President Bashar Al-Assad took an enormous gamble if his forces were behind the chemical weapons attack that killed dozens in northern Syria: committing an overt war crime just as the Trump administration and most Western leaders had made clear they are no longer seeking his immediate removal.
Although Assad can count on the backing of his top allies, Russia and Iran, the attack has revived international outrage at a time when US President Donald Trump is still formulating his policy on Syria.
So why do it? Especially when Syrian government troops have the upper hand in the 6-year-old civil war? There is a military rationale, as well as a political one, analysts say.
Politically, Assad may have been emboldened to act to crush his opponents, thinking he could do so with impunity after recent statements from Washington, along with Trump's inclination to align with Russia.
On a visit to Turkey last week, Secretary of State Rex Tillerson said Assad's future was up to the Syrian people to decide, while Nikki Haley, the American ambassador to the UN, said the US isn't ruling out cooperation with Assad to defeat the IS.[caption id="attachment_56736" align="aligncenter" width="800"] In this photo taken on Tuesday, April 4, 2017 and made available Wednesday, April 5, Turkish experts carry a victim of alleged chemical weapons attacks in Syrian city of Idlib, at a local hospital in Reyhanli, Hatay, Turkey AP[/caption]
Militarily, Tuesday's attack took place in an area of Idlib province where rebels recently launched a heavy offensive against government troops. The assault brought insurgents to within miles of the key, government-held city of Hama. Khan Sheikhoun, the town targeted by Tuesday's attack, is right up the road from Hama, and although Syrian forces have since launched a counter-offensive and regained some ground, there is a clear government incentive to rid the area of insurgents.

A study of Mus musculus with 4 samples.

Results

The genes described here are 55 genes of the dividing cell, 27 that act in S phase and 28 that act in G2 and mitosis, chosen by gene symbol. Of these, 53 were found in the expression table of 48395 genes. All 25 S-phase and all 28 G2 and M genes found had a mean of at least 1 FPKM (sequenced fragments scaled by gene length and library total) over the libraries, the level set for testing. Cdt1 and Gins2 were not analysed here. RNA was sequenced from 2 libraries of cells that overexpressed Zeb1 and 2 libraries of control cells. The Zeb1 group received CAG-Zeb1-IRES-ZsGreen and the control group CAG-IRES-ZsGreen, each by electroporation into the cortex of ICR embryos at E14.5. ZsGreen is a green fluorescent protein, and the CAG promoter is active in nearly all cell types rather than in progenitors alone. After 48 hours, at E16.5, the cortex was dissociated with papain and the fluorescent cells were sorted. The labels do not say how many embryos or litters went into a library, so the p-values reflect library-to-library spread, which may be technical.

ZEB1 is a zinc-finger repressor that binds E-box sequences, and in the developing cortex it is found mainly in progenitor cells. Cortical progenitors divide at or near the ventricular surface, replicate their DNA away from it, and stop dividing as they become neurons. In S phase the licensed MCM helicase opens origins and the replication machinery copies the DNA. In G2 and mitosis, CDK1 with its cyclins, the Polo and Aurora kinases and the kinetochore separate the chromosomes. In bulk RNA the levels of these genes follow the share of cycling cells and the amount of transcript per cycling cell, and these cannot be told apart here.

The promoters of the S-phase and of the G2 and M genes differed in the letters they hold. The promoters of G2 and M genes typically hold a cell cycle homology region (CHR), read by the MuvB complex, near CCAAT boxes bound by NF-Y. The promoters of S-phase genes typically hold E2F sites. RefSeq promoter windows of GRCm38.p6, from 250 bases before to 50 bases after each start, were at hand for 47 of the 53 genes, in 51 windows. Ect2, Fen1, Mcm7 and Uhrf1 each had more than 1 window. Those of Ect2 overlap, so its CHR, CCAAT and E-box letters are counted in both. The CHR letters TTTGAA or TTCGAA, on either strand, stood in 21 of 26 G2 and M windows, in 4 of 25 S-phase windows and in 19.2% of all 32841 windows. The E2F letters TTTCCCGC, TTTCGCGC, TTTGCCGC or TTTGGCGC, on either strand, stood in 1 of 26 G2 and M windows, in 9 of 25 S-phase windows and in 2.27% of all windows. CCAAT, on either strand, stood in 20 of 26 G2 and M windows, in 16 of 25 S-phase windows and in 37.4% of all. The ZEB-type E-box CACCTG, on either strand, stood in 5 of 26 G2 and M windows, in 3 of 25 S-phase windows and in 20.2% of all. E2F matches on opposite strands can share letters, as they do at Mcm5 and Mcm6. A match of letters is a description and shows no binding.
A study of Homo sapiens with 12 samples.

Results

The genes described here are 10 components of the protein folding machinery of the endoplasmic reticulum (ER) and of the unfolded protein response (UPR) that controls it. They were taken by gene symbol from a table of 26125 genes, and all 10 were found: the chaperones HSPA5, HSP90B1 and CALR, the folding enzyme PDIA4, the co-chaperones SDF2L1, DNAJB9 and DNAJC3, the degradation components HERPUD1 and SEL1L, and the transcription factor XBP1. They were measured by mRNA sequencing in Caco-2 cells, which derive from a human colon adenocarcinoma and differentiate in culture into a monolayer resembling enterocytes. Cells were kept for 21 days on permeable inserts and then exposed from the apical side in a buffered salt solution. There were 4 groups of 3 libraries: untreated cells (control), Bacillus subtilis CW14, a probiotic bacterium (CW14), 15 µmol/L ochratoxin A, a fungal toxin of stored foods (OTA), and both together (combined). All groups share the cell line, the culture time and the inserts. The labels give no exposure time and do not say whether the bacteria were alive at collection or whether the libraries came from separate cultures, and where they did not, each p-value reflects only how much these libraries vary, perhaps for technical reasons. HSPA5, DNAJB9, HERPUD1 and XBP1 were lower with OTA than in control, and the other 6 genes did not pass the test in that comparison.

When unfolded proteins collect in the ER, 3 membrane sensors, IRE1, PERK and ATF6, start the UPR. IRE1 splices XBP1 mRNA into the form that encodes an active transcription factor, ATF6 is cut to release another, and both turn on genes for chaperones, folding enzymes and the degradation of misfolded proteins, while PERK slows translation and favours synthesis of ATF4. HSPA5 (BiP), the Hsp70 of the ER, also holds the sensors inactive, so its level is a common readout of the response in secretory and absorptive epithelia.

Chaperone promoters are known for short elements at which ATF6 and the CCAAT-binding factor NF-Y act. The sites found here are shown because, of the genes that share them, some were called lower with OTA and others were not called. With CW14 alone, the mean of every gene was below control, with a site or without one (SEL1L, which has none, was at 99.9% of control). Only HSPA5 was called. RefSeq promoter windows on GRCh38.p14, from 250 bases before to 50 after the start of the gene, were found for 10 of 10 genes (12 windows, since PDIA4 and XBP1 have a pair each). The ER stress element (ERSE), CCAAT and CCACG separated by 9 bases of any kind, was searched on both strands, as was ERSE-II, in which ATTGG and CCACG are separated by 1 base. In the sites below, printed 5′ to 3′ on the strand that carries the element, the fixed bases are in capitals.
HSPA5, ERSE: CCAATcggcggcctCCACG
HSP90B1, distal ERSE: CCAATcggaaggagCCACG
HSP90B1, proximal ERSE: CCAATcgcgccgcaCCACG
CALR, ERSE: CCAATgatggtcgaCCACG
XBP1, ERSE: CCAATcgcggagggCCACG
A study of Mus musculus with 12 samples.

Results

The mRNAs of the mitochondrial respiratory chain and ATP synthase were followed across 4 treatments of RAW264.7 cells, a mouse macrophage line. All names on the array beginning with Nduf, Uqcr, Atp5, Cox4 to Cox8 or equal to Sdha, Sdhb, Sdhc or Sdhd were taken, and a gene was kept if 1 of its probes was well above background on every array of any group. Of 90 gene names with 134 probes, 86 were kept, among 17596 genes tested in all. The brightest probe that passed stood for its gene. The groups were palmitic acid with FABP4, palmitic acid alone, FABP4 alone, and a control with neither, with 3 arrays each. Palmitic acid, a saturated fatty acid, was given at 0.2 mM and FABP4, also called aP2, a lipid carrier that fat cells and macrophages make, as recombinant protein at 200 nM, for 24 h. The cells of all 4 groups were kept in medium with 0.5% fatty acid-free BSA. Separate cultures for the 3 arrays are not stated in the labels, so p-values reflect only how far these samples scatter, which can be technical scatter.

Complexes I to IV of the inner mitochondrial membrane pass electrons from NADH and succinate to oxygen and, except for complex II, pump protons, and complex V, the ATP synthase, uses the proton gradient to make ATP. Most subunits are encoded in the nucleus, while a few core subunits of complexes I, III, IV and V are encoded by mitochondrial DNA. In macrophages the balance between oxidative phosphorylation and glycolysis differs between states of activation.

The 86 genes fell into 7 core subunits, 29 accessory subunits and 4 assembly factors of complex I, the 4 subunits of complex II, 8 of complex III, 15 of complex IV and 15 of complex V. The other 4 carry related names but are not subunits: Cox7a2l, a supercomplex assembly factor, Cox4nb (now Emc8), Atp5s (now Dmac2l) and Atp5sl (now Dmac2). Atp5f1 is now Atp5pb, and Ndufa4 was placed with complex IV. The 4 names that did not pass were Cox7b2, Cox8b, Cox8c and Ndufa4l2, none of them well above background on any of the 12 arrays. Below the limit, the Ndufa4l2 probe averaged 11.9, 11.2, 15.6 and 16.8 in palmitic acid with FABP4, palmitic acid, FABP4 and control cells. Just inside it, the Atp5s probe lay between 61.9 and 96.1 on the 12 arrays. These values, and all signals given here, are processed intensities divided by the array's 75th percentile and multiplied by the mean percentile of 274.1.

Still, a chemical weapons attack of this magnitude carries significant risk.
The images of lifeless children and others gasping for breath were reminiscent of the 2013 attack near Damascus that killed hundreds of civilians, and triggered a blitz of denunciations by world leaders and organisations, who urged the US to commit to a Syria solution.
Trump's condemnation of Tuesday's attack has been surprisingly strong, even if he did not give any clear indication about how the US might respond.
On Wednesday, Trump denounced the attack as an "affront to humanity" and blamed Assad, saying it "cannot be tolerated." At the UN, Haley threatened unilateral US action if the world body failed to act.
Part of the equation, for any perpetrator, is the difficulty of proving anything in the aftermath of such attacks, largely due to the lack of immediate access. And, in the complex terrain of opposition-held northern Syria, which is closed off to investigators and journalists, various scenarios cannot be completely discounted.
Some analysts suggested Assad may be signalling he wants quicker action to end the war on his own terms.